Okay, you’re Paul Simon. You and Art Garfunkel became an overnight sensation when your song “The Sound of Silence” became a number one hit on Billboard without even knowing it had been re-recorded and re-released. He rushed back from England to meet up with his partner and rushed to the studio to record a few more songs so his new hit could be made into an album. Problem: you need more songs. Solution? You use some songs that you have stored. And you write a couple more, like “Richard Cory.”

Most people don’t know this, but Simon majored in English at Queens College and earned a degree in English literature (even fewer know that he briefly attended Brooklyn Law School). So it’s only natural that he would call on his knowledge of poetry to help him find material for the album they were hastily putting together.

Given that Simon’s audience was becoming disenchanted with the Vietnam War and distrustful of the “Establishment,” the wealthy, and the older generation, it’s only natural that he would choose Edward Arlington Robinson’s poem “Richard Cory.” Written during the depression that followed the Panic of 1893, it portrays a man who seems to have it all: wealth, education, manners, and the admiration of everyone around him. And those who envy him do not have enough money for meat and curse the bread they had (many were forced to live on daily bread in those depression years). But despite all this success, Cory quietly goes home one day and kills himself with a gun. The reader is forced to see that all of Cory’s assets did not matter and that something essential was missing. Perhaps it was the folly of excessive wealth (consider the Book of Ecclesiastes “All is vanity and chasing after the wind”). Maybe it was the loneliness. Maybe it was boredom or depression. We don’t know… but we are challenged to ask.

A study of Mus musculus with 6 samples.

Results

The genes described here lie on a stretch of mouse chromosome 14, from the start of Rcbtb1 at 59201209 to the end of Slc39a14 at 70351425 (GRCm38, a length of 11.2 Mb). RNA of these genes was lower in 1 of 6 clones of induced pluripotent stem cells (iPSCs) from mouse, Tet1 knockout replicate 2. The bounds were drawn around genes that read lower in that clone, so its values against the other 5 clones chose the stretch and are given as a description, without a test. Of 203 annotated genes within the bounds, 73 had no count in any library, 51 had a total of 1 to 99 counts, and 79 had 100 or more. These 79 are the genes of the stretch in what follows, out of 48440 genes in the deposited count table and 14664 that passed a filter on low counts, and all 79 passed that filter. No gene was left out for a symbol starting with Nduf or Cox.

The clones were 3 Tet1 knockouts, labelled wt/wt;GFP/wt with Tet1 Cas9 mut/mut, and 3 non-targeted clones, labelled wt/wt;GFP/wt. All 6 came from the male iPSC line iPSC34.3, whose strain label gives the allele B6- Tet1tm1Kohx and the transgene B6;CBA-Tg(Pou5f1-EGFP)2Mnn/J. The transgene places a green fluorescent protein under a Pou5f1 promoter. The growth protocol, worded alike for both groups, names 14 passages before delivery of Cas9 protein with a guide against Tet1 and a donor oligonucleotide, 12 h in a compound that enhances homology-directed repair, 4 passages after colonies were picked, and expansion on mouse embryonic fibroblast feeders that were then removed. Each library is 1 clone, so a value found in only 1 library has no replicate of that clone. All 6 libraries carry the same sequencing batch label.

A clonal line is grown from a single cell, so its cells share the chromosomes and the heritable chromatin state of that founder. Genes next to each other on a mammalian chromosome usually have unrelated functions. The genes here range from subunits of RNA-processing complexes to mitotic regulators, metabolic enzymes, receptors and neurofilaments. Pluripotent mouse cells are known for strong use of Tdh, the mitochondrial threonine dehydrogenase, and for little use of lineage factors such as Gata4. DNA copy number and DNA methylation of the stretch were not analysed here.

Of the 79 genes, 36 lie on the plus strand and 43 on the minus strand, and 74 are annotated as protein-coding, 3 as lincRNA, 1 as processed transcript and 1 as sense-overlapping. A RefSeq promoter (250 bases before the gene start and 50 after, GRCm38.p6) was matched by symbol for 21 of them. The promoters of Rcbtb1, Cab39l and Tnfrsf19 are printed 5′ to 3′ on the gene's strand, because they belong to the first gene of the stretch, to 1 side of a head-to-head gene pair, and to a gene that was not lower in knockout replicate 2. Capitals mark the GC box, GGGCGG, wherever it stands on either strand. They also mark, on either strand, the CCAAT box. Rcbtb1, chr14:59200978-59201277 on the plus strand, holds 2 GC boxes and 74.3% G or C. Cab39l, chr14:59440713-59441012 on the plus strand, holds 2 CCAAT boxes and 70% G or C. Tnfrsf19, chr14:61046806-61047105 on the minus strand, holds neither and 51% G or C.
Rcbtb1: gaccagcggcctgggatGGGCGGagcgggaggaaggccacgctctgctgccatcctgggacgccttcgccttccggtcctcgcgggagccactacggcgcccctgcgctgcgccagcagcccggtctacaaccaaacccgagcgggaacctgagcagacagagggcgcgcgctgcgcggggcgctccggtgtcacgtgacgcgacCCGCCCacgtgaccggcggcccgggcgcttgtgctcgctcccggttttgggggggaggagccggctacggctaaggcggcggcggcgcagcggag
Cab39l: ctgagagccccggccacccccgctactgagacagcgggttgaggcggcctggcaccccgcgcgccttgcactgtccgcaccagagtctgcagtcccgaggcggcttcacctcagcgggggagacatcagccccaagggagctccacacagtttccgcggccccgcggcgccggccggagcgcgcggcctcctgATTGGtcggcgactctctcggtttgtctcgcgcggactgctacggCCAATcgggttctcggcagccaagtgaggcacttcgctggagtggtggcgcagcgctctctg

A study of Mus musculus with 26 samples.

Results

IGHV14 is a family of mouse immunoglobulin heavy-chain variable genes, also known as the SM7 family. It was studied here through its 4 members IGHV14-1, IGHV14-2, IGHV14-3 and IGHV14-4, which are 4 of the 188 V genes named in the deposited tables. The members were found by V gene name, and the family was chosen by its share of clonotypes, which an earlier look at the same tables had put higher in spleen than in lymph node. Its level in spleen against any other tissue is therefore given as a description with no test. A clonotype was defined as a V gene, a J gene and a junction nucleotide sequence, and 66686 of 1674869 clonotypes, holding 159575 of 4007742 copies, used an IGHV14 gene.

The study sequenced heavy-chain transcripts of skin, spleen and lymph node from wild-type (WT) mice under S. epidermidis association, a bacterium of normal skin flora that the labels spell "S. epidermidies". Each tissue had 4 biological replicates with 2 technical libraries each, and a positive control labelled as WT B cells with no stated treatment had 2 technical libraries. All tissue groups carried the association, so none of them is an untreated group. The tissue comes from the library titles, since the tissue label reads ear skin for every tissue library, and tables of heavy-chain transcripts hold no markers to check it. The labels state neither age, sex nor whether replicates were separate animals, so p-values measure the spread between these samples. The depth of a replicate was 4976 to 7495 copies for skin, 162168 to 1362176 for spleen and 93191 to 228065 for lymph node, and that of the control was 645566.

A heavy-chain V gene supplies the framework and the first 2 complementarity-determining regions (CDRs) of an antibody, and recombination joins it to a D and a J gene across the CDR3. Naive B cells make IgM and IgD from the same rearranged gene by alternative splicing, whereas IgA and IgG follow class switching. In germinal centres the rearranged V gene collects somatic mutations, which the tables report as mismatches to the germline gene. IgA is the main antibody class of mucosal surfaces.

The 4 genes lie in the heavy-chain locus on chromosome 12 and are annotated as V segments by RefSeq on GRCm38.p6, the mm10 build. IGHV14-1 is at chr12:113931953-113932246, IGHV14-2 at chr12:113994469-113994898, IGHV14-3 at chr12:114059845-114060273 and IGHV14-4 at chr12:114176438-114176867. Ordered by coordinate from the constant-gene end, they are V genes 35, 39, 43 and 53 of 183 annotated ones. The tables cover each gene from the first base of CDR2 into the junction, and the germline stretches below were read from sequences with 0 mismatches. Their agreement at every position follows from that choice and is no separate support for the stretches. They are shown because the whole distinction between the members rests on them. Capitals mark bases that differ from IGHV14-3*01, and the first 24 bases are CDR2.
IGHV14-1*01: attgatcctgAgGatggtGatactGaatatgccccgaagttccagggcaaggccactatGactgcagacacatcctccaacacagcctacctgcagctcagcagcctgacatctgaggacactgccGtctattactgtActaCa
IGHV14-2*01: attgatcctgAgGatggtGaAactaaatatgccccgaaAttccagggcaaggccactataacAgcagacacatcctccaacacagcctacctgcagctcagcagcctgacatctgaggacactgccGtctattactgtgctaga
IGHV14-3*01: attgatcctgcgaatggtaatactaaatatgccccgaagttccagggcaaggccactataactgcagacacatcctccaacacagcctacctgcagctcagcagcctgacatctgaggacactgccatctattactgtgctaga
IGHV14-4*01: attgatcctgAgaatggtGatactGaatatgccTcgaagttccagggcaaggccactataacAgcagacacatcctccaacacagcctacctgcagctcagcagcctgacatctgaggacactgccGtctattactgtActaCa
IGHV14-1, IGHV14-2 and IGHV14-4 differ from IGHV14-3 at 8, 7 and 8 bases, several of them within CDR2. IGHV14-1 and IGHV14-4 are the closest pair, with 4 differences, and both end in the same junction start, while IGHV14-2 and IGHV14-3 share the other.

Simon, using his background in English literature, brought “Richard Cory” into the 20th century. He starts out the same way, though Simon embellishes it a bit. Cory is not only rich, he “owns half of this entire town”. He is so rich that he can give generously to charity. He knows all the right people. He was born with a silver spoon in his mouth, the pampered only son of a wealthy banker. The press follows his every move like a modern day paparazzi. For his amusement he throws amazing parties and indulges in orgies.

However, he still kills himself with a gun.

And the singer of the song? He works in Cory’s factory, hungry and poor, furious at fate for his poverty, bitterly envious of his “boss of him.” But unlike the poem, the singer seems to have a death wish because yet i wish i was cory even after Cory has committed suicide.